Created on 08/02/2017 @ 07:30

Plans to close two Powys household waste recycling centres were shelved for a year by the council’s cabinet yesterday (Tuesday).

And the news was welcomed by Welshpool’s new County Councillor Graham Breeze at yesterday’s meeting when he called on Councillor John Powell, Portfolio Holder for Waste and Recycling, to guarantee there would be no further reductions.

Councillor Breeze, who encouraged Welshpool Town Council to call a packed out public meeting about the plans said: “While I welcome the compromise proposals I have been asked by the people of my ward and indeed from the Welshpool area to express reservations.

It is absolutely and categorically clear from the survey, the public meeting and petition responses that the people who use the Household Waste Recycling Centre at Welshpool are opposed to any closure of the facility.

I urge the Portfolio holder and his cabinet colleagues to fully commit to ensuring there is no further reduction to the household waste recycling centre service across Powys.”

The cabinet had been considering plans to close two of the county’s five household waste recycling centres, including Potters in Welshpool, in a bid to reduce spending by £700,000 and carried out public consultation on a range of proposals last autumn.

Cabinet Member for Waste and Recycling, Councillor John Powell said: “We set out a range of options to reduce the service’s budget to meet demands set out in the council’s medium term financial plan. Those options included closing one or two of the five household waste recycling centres in the county, reducing opening days, charging for certain materials, restricting commercial type-vehicles or a combination of the proposals.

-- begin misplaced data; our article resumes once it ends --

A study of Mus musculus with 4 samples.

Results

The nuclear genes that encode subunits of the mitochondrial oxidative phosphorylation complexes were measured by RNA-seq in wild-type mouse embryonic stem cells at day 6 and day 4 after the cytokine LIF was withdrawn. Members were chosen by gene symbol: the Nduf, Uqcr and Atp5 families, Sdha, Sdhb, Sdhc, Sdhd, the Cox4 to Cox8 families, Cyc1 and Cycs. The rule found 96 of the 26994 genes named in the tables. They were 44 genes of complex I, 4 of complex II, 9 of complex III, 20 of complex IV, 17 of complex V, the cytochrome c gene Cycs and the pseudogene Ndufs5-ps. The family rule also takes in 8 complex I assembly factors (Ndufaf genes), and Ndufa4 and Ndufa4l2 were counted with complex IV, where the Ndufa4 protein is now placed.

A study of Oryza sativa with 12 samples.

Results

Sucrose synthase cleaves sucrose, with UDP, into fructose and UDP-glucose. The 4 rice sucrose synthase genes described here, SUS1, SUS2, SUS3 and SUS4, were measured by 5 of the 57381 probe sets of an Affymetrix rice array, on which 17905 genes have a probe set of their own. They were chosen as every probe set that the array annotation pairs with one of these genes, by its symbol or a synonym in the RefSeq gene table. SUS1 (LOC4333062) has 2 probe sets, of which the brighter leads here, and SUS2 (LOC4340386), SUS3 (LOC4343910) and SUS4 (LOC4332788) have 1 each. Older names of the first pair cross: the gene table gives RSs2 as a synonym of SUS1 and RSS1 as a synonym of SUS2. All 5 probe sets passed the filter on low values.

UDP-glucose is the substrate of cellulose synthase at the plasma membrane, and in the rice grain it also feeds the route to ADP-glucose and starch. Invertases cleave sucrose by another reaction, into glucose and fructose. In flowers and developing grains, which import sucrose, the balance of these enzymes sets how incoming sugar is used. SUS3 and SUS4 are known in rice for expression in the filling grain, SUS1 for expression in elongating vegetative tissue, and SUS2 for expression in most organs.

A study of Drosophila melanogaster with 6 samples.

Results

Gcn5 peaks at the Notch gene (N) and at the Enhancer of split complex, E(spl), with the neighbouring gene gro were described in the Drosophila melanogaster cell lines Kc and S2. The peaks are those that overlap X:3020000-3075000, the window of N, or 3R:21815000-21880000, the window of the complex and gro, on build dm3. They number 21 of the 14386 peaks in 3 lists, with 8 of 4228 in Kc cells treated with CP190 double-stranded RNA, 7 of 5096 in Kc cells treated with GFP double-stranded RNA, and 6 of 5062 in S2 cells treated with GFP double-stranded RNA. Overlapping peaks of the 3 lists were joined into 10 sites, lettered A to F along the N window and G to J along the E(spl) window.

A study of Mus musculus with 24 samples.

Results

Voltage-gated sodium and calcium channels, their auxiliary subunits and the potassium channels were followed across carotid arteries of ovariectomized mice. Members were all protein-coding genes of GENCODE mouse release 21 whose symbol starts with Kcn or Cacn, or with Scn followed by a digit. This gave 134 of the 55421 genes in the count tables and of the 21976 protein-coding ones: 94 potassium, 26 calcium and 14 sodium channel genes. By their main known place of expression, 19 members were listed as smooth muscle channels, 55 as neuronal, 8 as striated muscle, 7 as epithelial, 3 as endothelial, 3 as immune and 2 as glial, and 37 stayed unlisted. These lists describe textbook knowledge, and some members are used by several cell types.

“The public have made their views very clear and I am recommending that we shelve plans to close centres for at least 12 months. However, savings have to be made and I will be recommending that we reduce the number of days the centres open as an alternative to outright closure.

“We will also have to increase the charges we make for trade waste permits and restrict the type of vehicles that can use them. The centres are designed to take household material for recycling or disposal that is not collected from the kerbside. Large amounts of material produced by household renovations or commercial operations should not be taken to the centres but disposed of using a skip or trade waste contract.

“More than 800 residents responded to the consultation, as well as 70 letters and petitions with 5,300 signatures with the majority objecting to plans to close centres. Following the feedback the cabinet provided an additional £200,000 to the service reducing the savings demand to £500,000 for 2017/18.

“The changes, along with increased trade waste charges, introducing compaction at some sites along with restriction of commercial vehicles, will deliver £200,000 savings leaving a shortfall of £300,000 for the year. The cabinet is being asked to fund the shortfall for 12 months to give the service time to plan additional savings,” he added.